At the time of writing, the Orbital Sciences Corporation is planning to launch a large, two-stage rocket called Antares. The launch is a trial meant to test the spaceworthiness of the rocket and make sure it is capable of safely releasing a small cargo vessel into orbit. If successful, this launch will effectively green-light the use of the Antares delivery system for resupply missions to the International Space Station. The first time that such a mission docks with the station will also make the Orbital Sciences Corporation the second commercial spaceflight provider, joining the California-based SpaceX.
While the world fixates on nuclear weapons and terrorism, the space age has quietly arrived on our doorstep. I don’t know how to adequately state the significance of the work being done by the commercial space industry. NASA and its foreign counterparts have done incredible work over the past 60 years, developing technologies and expanding our understanding the universe, but they have done so in pursuit of knowledge. Private companies pursue profit. For now, those profits take the form of government contracts and assignments; this will not always be the case. These companies are becoming experts in technologies that allow humans to travel to other worlds.
The natural bounty of the solar system outstrips Earth by powers of a hundred. Titan, a moon in orbit around Saturn, has lakes and rivers made of liquid hydrocarbons. Portions of Mercury’s surface are covered in pure titanium. Numerous moons and and asteroids possess entire oceans worth of frozen water. The prosperity that could be achieved through exploitation of these resources is extraordinary and makes most of our current resource conflicts and dilemmas seem depressingly petty.
So, what obstacles still stand between corporate America and the wealth of the solar system? Well, our inability to shield space craft against solar radiation means that any astronauts who spend more than a few weeks in space are very likely to develop severe cancer. A plethora of private and public institutions are presently toiling to develop a solution to this problem. Successful or not, many of these efforts may prove unnecessary as non-living astronauts become more independent and capable. Machines don’t need food, don’t sleep, don’t crack under stress, don’t get sick, and don’t have families who care about their safety. Their only limitation at present is the communication delay caused by the huge distances associated with space travel. Our robots need to get a little more independent before stockholders will start trusting them with multibillion dollar enterprises.
For now, the space industry putters along. New technologies are being developed and companies are building specialized business models to facilitate their future growth. Unfortunately, the wealth of the solar system remains out of reach. Exploration, research, and development remain the primary focuses of the commercial space industry. As a result, the companies I’ve described are looked upon as novelties in the economy; investment opportunities that seem reserved for the excessively optimistic and the government. The turning point will occur once a company takes something valuable from beyond Earth, brings it back, sells it, and makes a profit from doing so.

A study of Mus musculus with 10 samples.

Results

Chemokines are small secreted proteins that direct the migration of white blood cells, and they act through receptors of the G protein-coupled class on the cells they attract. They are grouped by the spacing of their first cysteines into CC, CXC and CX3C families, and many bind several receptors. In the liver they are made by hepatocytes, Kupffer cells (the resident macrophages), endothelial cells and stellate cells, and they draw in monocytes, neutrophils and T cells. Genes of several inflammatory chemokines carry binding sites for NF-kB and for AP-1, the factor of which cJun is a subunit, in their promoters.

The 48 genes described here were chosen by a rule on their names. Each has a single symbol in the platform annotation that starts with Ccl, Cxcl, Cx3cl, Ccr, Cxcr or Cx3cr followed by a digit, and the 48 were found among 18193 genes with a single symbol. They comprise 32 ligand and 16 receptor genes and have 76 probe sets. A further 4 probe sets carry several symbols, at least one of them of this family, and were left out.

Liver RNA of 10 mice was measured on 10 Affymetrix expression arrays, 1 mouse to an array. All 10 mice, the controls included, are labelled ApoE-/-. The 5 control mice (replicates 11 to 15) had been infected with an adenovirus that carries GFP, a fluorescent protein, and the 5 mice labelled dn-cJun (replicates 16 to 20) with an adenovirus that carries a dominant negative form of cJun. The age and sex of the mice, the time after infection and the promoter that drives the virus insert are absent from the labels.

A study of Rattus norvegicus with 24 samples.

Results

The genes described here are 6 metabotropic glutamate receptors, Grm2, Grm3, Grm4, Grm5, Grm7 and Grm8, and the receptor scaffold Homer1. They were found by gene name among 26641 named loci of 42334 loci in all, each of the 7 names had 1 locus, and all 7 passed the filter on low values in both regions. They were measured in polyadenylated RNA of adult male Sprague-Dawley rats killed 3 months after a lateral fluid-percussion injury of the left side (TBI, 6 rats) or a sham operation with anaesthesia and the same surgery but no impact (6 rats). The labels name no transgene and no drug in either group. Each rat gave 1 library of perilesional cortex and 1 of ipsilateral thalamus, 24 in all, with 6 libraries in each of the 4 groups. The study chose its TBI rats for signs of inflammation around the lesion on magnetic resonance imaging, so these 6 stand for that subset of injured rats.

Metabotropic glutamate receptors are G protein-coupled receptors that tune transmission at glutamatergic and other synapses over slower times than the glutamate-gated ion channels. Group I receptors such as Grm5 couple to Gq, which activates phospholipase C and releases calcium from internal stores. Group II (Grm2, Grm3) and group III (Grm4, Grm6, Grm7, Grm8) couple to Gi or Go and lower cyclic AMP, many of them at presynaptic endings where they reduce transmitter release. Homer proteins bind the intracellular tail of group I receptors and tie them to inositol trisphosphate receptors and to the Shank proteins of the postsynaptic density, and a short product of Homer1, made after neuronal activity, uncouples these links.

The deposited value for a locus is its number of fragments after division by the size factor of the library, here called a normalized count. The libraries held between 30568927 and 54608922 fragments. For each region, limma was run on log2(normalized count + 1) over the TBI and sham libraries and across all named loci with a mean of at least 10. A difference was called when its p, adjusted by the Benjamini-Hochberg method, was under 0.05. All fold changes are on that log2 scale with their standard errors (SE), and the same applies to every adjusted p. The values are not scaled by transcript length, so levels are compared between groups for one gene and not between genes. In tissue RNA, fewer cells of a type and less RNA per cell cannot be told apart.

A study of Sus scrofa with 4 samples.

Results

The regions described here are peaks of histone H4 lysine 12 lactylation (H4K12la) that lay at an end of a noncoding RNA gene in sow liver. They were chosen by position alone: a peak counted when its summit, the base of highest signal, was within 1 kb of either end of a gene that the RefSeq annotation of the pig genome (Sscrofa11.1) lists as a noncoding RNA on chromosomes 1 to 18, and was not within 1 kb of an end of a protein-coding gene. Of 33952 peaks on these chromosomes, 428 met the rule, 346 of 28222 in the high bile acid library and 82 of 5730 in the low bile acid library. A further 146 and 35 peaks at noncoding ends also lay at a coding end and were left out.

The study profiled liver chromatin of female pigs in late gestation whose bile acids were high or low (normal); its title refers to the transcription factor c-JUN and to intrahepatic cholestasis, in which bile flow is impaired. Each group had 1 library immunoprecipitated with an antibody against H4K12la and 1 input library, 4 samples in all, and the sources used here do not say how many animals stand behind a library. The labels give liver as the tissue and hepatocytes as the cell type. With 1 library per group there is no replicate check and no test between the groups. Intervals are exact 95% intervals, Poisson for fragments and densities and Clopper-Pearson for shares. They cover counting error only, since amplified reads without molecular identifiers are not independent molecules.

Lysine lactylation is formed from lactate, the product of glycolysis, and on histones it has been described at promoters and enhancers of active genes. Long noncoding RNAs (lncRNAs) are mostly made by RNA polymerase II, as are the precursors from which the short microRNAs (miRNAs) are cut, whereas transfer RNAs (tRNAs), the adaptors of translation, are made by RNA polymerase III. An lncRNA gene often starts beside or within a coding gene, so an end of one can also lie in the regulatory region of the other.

In economics, industries can be grouped by their “cost to entry.” This refers to the money and effort that must be invested in a new company before profits are possible. For example, the lumber industry has a fairly low cost to entry, just start cutting trees down and you’re more or less in business. In contrast, the telecommunication industry has huge entry costs as billions of dollars’ worth of towers, cables, and personnel must be procured before a company can even begin selling its product. Space travel is the most expensive enterprise ever undertaken. By the time the industry becomes profitable the companies leading the charge will be supercharged versions of AT&T, Verizon, and Comcast; virtually unassailable due to the immense cost of trying to catch up with them.
Space travel has always been regarded as expensive and experimental science. The idea of such science playing a large role in day to day life has long been the stuff of fiction and fantasy. I think this is likely to change. It probably won’t be in the next five years, or perhaps even in the next fifty; but, sometime in the next century, I predict that we are going to see dramatic growth in the space industry. This growth will not come about through some spectacular means. As with most great developments in history, our move into space will be the result of common economics and humanity’s natural drive to expand. The significant thing to keep in mind is that the people and organizations who lead space revolution, like those who led the industrial, computer, and now internet revolutions, will likely find themselves at the top of the world for a very long time.